Well, haven’t written a new post for a couple of weeks since I’ve been in technology hell revolving around my new computer. But one thing keeps me smiling that is, observing my little Sophie. And even though I’ve been physically and mentally occupied with computer issues, I can’t help reflecting about my relationship with her and thus my feelings about all animals, and their emotions. I say my relationship, but more accurately as I reflect, it is our relationship, not just mine.
I’ve always been fascinated by the behavior I’ve observed in Charlie and Teddy, both individually, together, and each as they grew from puppyhood to adult. I also used to trace their behavior back to evolutionary biology, a favorite subject of mine. But with Sophie my little adoptee, it’s different. Sophie had just turned 2 when she came home with me 7 months ago, so the changes I am observing aren’t from aging out of puppyhood, and in fact, she has become just as puppyish as Charlie and Teddy were as puppies.
But more than her playfulness, I think I am witnessing her growing trust, and her growing love for me. Relationships are dynamic and reciprocal, that is they are based upon the effects both parties have on each other. Actions and reactions cause interactions, more reactions and so on. Studies have shown that while a mother’s behavior affects the behavior of her baby, the baby’s temperament and behavior has an equal effect on the mother, which in turn then affects the mother’s behavior toward the baby, and so on. Hence, so it goes between me and Sophie. A reciprocal relationship as all relationships are.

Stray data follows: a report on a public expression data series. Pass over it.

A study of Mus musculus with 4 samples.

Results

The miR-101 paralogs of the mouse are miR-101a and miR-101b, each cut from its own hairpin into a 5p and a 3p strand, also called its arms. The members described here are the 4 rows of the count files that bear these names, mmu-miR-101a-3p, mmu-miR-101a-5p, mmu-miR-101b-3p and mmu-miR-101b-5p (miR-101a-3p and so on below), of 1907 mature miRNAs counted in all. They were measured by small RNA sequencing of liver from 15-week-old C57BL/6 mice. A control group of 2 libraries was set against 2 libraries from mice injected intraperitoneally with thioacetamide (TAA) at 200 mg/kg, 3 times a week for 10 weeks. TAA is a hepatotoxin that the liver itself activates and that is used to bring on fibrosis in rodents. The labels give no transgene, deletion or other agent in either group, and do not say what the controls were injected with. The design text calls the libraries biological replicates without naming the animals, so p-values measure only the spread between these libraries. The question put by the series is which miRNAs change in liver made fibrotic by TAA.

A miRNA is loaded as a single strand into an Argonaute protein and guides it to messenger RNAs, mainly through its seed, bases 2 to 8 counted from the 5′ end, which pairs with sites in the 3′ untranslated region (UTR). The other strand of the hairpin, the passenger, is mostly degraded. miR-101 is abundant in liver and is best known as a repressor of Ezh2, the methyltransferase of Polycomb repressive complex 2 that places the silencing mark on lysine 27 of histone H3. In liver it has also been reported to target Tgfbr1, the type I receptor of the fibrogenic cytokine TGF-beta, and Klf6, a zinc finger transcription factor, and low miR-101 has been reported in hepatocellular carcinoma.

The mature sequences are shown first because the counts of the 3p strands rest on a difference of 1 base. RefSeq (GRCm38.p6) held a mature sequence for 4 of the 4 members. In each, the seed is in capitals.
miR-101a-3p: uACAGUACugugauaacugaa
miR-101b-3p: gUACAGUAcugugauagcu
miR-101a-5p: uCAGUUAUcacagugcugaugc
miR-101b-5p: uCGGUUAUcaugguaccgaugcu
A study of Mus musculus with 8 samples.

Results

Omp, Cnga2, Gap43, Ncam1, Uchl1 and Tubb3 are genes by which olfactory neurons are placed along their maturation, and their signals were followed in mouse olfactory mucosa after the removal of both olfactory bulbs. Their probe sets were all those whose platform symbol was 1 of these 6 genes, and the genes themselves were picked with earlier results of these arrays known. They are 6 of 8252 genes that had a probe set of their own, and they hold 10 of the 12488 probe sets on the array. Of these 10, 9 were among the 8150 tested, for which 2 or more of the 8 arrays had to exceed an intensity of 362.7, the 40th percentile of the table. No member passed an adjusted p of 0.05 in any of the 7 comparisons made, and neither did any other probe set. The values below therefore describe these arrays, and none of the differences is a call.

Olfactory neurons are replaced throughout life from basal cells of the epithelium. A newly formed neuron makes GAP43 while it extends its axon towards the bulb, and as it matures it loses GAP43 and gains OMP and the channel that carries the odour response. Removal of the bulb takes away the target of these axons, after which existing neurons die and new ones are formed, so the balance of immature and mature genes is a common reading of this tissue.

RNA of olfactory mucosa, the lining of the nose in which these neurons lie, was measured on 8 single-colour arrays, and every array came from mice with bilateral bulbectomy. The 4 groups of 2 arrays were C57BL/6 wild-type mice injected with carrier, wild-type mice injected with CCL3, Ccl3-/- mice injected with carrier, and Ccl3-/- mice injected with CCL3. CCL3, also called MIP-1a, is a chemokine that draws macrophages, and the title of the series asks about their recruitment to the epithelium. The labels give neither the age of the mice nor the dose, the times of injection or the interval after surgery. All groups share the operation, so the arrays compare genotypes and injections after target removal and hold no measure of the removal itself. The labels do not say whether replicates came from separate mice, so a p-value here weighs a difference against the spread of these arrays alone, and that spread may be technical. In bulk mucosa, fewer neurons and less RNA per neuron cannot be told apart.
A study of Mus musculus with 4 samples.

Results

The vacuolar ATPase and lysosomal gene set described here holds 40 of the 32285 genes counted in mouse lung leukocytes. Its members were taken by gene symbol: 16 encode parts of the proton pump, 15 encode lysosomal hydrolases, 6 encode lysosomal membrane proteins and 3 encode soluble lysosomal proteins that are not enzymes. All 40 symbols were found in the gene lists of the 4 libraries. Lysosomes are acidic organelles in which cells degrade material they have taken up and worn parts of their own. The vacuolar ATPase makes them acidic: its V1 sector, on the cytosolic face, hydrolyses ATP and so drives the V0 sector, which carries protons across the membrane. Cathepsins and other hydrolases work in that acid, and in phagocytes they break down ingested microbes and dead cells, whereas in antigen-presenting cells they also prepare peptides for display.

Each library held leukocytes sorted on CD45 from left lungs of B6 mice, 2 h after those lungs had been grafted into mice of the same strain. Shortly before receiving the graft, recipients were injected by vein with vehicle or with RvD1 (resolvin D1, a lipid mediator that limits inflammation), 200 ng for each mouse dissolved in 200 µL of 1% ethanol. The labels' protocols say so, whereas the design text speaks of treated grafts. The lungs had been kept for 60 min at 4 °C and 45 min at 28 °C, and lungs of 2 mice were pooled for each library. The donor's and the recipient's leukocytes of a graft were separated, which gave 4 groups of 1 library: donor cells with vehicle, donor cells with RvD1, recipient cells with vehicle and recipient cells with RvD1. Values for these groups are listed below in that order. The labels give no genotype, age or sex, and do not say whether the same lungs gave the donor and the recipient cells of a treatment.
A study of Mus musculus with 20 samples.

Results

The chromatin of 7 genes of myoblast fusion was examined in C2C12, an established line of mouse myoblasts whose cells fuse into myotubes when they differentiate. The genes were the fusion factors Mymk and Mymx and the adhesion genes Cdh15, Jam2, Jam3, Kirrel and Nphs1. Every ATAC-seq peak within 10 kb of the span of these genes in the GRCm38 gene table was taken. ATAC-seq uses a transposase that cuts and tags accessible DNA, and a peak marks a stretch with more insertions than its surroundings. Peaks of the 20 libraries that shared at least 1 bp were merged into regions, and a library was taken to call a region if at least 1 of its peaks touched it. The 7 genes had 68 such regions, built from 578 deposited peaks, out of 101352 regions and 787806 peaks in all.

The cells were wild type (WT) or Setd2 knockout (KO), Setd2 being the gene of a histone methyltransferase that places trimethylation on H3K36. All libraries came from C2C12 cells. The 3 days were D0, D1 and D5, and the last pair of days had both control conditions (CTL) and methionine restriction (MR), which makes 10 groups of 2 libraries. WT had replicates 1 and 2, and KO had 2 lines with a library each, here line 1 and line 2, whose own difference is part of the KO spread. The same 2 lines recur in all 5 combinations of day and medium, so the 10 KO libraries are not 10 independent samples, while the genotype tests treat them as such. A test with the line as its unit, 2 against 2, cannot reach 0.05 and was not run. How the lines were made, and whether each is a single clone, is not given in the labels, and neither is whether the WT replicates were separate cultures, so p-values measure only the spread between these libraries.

When I first brought Sophie home it was barely a month that I had said goodbye to Teddy after a long battle with her illness. I wasn’t sure how much love I could feel so soon for another dog. But I knew in my heart that I love dogs, and that focusing on her needs and her individuality would result in my affection growing.
Of course, there was some frustration along the way particularly with figuring out why Sophie insisted on using my bed as a giant wee wee pad, but it feels like ancient history now. And I’m amazed that it feels as though the issue didn’t even exist. Maybe it’s because we have developed a loving positive relationship that has overridden any negative.
I am also amazed that I feel Sophie’s love now. Yes she gives me belly, that is, she lies on her back, legs up in the air so I can rub and kiss her belly. But more than that, she now gazes at length into my eyes, she cuddles and snuggles against me tucking her head under my chin, and I especially love when she lies on my chest facing me, looks at me and gives me kisses. And none of this involves treats!
One of the behaviors that she now also exhibits is a lack of fear with me, which swells my heart with affection. For instance, in the beginning when I would brush her, she would remain totally still although I could observe it was not her favorite thing. Now, she fights me, squirms, and well, she makes it pretty difficult for me. Thinking back. I can’t help but smile, she’s no longer afraid to fight the grooming.
I said in one of my earlier blogs that I expected that adopting an adult dog would be different than bringing home a puppy, bought or otherwise. Adult dogs have histories, too many unfortunately not good. So while all of us, human or non- human have individual personalities, puppies are kind of a clean slate. Adopted dogs come with experiences that mold their behaviors. Earning their love and trust is different than earning the love and trust of a puppy.
I never thought about this raising Charlie and Teddy, why would I. They were bundles of energy, and mischief. I had much joy and love from them, and I loved them for who they were individually. Now, I am experiencing what it is like to overcome history, with love, and patience, kindness and positive conditioning. And what feels so special is feeling her trust and love grow for me as a result.
Adopt and Save a Life!
Next: George, a rescue visits Sophie!